CRIME FILE: New kinds of justice can cut child arrests

CRIME FILE: New kinds of justice can cut child arrests

SWA CT 16.5.13 SOME OF THE 28 CELLS AT NEWPORT CENTRAL POLCE STATION. (1588578)

SWA CT 16.5.13 SOME OF THE 28 CELLS AT NEWPORT CENTRAL POLCE STATION. (1588574)

MM 12.3.12 STORY NAT THE OFFICIAL OPENING OF YSBYTY YSTRAD FAWR BY MINISTER LESLEY GRIFFITHS AM (1709151)

First published in News

ARRESTS of children by Gwent Police have more than halved in five years, mirroring the trend across England and Wales. A general fall in crime, restorative justice projects, and a focus on trying to prevent young people from becoming involved in crime in the first place, are all factors.

LAST week, the Welsh Government announced an investment of £4.9 million across Wales to help tackle the issue of youth offending.

Fifty-five projects will be supported by the grant, which follows a similar investment last year, and 12 of the newly-backed schemes will be based in Gwent, where more than £1m of the money will be spent.

Among those that will receive a portion of the £1,049,840 funding in Gwent is the Prevention Intervention Project, which focuses on preventing anti-social behaviour, offending and reoffending by young people aged eight to 17 years.

Another is the Caerphilly county borough-based Family Intervention Project, which offers whole family support where anti-social behaviour by younger family members may be jeopardising the tenancy of housing to the extent where the family is at risk of eviction.

The money is coming from the Youth Crime Prevention Fund, which Lesley Griffiths AM, minister for local government and government business, believes is a “crucial” aid to helping prevent young people from getting involved in crime.

The fund’s reach is wide ranging, with some of the projects being backed focusing on issues such as improving education, training, health and leisure opportunities, and others looking at tackling substance misuse.

“I have no doubt these initiatives will continue to make a difference in preventing young people from becoming involved in crime,” said Ms Griffiths.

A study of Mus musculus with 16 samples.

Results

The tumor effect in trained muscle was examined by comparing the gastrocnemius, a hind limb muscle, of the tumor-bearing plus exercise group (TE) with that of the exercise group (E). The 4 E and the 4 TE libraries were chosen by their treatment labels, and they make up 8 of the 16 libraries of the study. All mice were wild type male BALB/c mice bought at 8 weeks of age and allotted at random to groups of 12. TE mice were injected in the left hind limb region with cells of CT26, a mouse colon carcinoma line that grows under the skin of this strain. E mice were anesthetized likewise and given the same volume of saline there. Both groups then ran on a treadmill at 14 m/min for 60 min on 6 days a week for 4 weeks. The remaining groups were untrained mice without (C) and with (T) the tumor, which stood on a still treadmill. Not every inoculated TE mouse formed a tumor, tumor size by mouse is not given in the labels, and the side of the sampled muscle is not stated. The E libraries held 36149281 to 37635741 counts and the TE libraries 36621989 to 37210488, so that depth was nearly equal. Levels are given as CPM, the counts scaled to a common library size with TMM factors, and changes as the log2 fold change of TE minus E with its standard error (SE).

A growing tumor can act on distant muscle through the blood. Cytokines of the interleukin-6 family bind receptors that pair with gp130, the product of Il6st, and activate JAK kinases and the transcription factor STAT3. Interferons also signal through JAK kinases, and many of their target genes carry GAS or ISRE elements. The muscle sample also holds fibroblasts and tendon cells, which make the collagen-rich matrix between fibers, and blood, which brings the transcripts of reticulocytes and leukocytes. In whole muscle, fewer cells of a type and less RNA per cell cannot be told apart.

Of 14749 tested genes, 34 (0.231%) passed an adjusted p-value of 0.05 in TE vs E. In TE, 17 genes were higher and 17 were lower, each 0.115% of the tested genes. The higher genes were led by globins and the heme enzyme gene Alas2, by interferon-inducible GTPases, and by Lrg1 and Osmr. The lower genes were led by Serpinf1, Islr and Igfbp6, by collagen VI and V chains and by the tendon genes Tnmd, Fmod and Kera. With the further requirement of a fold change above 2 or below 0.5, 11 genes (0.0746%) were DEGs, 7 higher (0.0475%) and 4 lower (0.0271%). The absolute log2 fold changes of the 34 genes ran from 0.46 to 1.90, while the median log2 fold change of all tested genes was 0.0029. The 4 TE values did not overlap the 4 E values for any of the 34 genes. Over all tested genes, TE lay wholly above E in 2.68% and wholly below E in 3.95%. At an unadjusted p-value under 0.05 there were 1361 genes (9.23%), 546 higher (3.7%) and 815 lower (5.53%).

“As well as protecting them from the stigmatisation and loss of opportunity which having a criminal record brings, these activities will protect our communities.”

Figures issued last week by the Howard League for Penal Reform suggest that such multi-million pound initiatives are having an effect on youth crime.

The league, which is continuing to campaign to keep as many children as possible out of the criminal justice system, compared child arrest figures for police forces in England and Wales from 2008 and 2013, and found that they had fallen by 60 per cent during that period.

The decrease in Gwent was 51 per cent, from 3,185 in 2008 to 1,569 in 2013.

Across England and Wales in 2013, there were 129,274 arrests of children aged 17 and under, including more than 1,100 arrests of 10 or 11-year-olds.

Another contributory factor to the fall in child arrests isrestorative justice. A restorative justice programme is a big part of the Legal Aid, Sentencing and Punishment of Offenders Act 2012, and Gwent Police was the first force in Wales to have implemented it across an entire force area.

That was in April last year. In the first four weeks, 30 offenders were identified as suitable candidates to take part in the programme and the number has grown as the programme has developed. By the end of February this year, there had been 473 ‘discharges’ from the system of young people who might otherwise have ended up with a criminal record.

Two key aims of the programme are to avoid criminalising often very young offenders, and offering victims a part in the process of justice.Those suitable for the restorative justice programme will have committed and admitted a first offence such as minor assault, criminal damage, public order, theft or fraud.

They are bailed for 28 days, during which youth offender services notify the victim or victims, and seek their opinion on what they think might be the best solution. A youth offender panel, consisting of police officers, youth offender team members, and members of the public, then decides the appropriate outcome, taking into account victims’ views and the circumstances of the case.

Outcomes can include a face to face meeting with the victim, and a written apology, or repair work if property was damaged. Only if an offender refuses to take part in the programme or accept the panel’s decision, will they be charged in the usual way.

Another reason why child arrests have fallen is the fact that – despite cynicism in some areas, including Gwent, over how crime is measured – crime in general has fallen too. The Crime Survey for England and Wales reported that there were 7.5million crimes against households and adults in 2013, the lowest level since it began in 1981. Overall, crime in England and Wales fell by 15 per cent last year.

If the multi-million pound investment in prevention projects, and the restorative justice programme are successful, future Howard League for Penal Reform studies should see child arrests continue to fall.